Today’s side trip to the GSA’s 3D EDA Interest Group’s bimonthly meeting (sandwiched between IEDM 2011 and RTI’s 3D Systems Integration Conference) proved to be worth the trip for several reasons, but particularly for the “behind the curtain” glimpse at Xilinx’s stacked silicon interconnect technology that was introduced to the market several weeks ago.
Arif Rahman, principal engineer and technology architect at Xilinx explained the advantages of this 2.5D side-by-side integration that delivers the capabilities of multi-chip FPGAs in a the model of a monolithic FPGA. Here’s how it’s done: multiple FPGA “slices” are bonded face down on a passive silicon interposer. Microbumps connect the slices to the interposer. TSVs with C4 bumps then connect the interposer to the package substrate.
According to Rahman, the side-by-side die layout has a minimal heat flux issue and minimal design tool flow impact. Stress simulation tests showed that the interposer makes the device more reliable because it functions as a stress buffer, reducing low- k stress and stress on C4. Additionally, it improves C4 bump reliability. Rahman says this technology, which was developed in collaboration with IMEC, SEMATECH and SEMI, is well on its way to volume production.
Silicon interposer technology is also being leveraged by ASE to stack and assemble different technology chip from its foundries and customers. Calvin Cheung, VP of engineering at ASE Group said that the company sees many applications for interposer technology including integrating them into next-generation package-on-package (PoP) configurations due to requirements getting thinner with closer pitch requirements (100µm pitch and 150µm between silicon interposer and package substrates; and stacking logic/memory next to RF and MEMS devices on a silicon interposer in a heterogeneous configuration. “Silicon interposers aren’t merely a stop-gap technology,” noted Cheung. “We see long term value for silicon interposers.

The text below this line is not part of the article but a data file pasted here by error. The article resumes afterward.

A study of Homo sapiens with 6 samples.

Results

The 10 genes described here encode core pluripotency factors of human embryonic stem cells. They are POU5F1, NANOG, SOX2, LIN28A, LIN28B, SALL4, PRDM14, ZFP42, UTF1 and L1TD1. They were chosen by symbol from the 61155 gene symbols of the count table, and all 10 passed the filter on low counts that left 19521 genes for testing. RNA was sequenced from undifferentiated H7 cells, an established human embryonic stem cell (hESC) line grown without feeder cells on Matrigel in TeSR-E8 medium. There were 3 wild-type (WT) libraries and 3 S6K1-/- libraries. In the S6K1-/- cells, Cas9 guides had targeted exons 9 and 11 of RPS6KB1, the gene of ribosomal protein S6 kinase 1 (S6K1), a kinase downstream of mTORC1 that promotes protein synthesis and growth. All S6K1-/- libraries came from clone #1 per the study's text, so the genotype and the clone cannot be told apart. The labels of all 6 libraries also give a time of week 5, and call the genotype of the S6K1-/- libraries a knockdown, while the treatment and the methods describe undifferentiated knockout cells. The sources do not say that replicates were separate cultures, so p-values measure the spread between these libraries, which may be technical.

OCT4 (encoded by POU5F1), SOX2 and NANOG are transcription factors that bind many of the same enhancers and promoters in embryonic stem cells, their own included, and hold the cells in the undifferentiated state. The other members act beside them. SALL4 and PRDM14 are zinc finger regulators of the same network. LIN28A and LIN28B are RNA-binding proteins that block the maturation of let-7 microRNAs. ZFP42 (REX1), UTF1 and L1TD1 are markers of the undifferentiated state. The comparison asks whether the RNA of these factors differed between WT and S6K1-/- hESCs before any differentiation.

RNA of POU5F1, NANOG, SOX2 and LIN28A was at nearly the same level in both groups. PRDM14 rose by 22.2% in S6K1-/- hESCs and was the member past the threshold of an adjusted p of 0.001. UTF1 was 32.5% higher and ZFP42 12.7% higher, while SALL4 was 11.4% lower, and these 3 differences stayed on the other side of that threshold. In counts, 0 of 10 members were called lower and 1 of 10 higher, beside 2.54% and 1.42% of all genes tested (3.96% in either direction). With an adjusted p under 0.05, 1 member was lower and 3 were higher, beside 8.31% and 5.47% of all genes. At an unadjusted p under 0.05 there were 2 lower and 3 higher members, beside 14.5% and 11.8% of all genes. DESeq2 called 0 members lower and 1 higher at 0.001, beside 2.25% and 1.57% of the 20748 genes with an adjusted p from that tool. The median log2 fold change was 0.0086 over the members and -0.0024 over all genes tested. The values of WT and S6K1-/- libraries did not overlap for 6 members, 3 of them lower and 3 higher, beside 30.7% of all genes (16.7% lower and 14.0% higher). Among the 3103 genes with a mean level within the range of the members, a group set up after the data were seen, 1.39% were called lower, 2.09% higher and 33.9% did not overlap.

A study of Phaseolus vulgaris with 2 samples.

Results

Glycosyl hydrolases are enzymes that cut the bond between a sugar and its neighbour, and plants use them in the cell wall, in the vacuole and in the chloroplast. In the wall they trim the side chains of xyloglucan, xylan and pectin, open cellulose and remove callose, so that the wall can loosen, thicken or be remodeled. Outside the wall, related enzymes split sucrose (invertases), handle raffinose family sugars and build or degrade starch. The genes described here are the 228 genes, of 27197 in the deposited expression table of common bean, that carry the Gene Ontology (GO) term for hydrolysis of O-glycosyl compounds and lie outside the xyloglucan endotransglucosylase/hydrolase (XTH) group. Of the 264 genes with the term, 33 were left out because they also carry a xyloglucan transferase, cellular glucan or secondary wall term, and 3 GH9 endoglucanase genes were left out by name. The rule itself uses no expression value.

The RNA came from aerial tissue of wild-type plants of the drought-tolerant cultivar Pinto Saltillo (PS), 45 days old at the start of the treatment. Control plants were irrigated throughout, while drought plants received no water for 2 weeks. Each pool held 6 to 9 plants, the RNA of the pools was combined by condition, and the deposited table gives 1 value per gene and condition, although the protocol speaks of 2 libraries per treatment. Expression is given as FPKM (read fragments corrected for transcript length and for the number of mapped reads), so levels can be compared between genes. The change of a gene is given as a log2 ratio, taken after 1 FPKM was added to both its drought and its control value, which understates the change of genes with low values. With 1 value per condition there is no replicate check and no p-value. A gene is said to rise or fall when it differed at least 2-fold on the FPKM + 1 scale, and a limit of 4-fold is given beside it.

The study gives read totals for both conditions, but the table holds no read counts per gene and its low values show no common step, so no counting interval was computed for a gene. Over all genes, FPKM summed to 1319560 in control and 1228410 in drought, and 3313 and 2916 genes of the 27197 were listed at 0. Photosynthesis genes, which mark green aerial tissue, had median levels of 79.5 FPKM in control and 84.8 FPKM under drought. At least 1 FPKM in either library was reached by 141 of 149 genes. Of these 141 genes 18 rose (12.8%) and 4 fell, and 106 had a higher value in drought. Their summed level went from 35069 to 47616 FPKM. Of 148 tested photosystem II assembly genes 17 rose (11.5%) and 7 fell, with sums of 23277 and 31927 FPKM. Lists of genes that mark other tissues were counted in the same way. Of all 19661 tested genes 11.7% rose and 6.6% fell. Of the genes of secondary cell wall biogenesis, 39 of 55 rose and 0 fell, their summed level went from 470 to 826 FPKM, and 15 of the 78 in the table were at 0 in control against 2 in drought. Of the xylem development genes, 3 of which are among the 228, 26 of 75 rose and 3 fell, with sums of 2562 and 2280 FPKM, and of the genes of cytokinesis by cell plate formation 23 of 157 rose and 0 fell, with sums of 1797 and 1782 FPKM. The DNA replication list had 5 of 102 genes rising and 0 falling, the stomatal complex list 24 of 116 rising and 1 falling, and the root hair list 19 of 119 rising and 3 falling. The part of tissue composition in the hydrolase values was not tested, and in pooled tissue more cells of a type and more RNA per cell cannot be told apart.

The interposer technologies was just one of many technology developments inside ASE that Chueng used to illustrate the challenge of standardizing such varied configurations. However, it’s clear to Cheung that some sort of standardization is necessary for the supply chain.
“What we need for 3D IC standards are the ones that are beyond what we have now for standard flip chips,” explained Cheung, adding that the issues exist in IC design, foundries and OSATS. While no particular standard is needed for modules, a set of specifications in which multiple parties can participate, such as equipment, would be beneficial. The needs shall be identified from technical issues that concern interoperation in the supply chain. “Test issues are what keep us up at night,” he noted as an example of an area that would benefit from standards. The short answer is that we all need to work together to develop 3D IC standards.
These speakers were just part of the GSA EDA 3D Interest Group’s bi-monthly meeting. The purpose of the gathering was several fold – to keep the EDA community up to date on the progress of 3D IC and to encourage participation in the 3D IC work groups Herb Reiter is assembling as part of a 3D IC task force. 3D InCites will continue to work with the GSA in promoting this effort and spreading the word. – F.v.T.